Macrame is a technique or method of crafting a textile that uses several knots to form the basic shape and function of the piece. Each knot is made by hands, and there are no other tools required other than a mounting ring to keep the item in place while working.
When most people think of macrame, their mind travels back to the bohemian-inspired wall hangings of the 1960s and '70s. Macramé’s roots are pretty interesting, with a history dating back thousands of years. Some believe that the term comes from the 13th-century Arabic word migramah, which means “fringe.” Others believe its origins lie in the Turkish word makrama, which refers to “napkin” or “towel,” and was a way to secure weaving pieces by using excess threads along the top or bottom of woven fabrics.
Either way, decorative macramé first appears in carvings by the Babylonians and Assyrians that depict fringed braiding used to adorn costumes. In the 13th century, Arab weavers used decorative knots to finish the excess thread on shawls, veils, and towels. It then spread to Europe via North Africa, when the Moors brought macramé to Spain. While most think of macramé as a craze of the 1970s, the craft reached peak popularity in Victorian England. First introduced to England in the late 17th century, Queen Mary herself taught classes to her ladies-in-waiting. Most Victorian homes had some macramé decoration, as it was used not only to decorate clothing but also as curtains, tablecloths, and bedspreads.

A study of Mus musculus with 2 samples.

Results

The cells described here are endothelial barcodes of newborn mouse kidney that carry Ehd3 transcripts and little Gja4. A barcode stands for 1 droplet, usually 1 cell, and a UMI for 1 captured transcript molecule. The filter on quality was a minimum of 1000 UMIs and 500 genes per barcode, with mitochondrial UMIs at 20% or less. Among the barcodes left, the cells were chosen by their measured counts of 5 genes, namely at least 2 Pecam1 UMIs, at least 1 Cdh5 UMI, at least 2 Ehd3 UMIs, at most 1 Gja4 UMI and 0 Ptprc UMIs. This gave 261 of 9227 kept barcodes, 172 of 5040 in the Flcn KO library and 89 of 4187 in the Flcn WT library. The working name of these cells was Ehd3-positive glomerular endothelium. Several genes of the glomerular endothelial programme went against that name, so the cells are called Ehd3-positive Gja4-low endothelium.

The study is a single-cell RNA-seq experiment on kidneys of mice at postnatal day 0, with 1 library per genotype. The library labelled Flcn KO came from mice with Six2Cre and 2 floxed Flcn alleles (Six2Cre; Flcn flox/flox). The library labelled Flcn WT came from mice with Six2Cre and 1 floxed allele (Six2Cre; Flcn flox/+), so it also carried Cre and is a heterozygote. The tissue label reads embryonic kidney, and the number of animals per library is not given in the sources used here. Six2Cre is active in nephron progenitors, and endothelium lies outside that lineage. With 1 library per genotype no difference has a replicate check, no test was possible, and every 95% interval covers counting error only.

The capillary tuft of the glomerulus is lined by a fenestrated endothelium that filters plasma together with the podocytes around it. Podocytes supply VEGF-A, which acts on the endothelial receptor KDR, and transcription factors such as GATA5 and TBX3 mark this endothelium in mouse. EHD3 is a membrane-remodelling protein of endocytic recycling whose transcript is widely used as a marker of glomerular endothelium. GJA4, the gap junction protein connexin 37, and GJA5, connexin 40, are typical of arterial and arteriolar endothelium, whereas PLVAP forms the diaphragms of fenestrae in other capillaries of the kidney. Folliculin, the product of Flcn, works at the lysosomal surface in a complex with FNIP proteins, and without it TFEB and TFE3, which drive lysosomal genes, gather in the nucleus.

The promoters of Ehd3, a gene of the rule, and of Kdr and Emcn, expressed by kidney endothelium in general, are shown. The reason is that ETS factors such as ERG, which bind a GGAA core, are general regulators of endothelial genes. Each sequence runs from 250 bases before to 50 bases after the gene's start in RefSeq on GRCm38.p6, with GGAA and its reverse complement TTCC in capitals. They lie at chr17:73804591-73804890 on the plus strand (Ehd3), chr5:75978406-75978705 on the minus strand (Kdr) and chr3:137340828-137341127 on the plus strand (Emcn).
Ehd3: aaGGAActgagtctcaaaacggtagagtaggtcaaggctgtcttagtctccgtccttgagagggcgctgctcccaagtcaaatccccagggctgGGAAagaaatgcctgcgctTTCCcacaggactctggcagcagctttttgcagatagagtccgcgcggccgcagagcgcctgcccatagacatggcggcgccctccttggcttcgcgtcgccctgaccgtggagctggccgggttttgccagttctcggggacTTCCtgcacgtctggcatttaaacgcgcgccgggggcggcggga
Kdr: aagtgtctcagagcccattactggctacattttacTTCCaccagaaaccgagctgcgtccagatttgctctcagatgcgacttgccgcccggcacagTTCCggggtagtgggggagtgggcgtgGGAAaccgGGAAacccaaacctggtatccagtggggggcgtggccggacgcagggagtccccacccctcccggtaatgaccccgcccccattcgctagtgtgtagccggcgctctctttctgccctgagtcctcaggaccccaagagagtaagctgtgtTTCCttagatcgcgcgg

Women weren’t the only people practising macrame. Sailors would knot for practical purposes, but on long voyages, the act of knotting served as a way to stay engaged and ward off boredom. These sailors ultimately helped this art form spread throughout Europe. They became merchants when they entered new ports and would trade the macrame items they made on the ship. Popular items included hammocks, hats, and belts.
The primary knots of macramé are the square (or reef knot) and forms of 'hitching' various combinations of half hitches. It was long crafted by sailors, especially in elaborate or ornamental knotting forms, to cover anything from knife handles to bottles to parts of ships.
Common macrame supplies include jute, twine, yarn, hemp, leather, mounting rings and wooden beads. There are many natural and synthetic fibres one can use to create macramé. Standard projects will typically require cords that are 3 mm to 6 mm thick. Jewellery and small decorative items are created through micro-macramé which is extremely popular and interesting.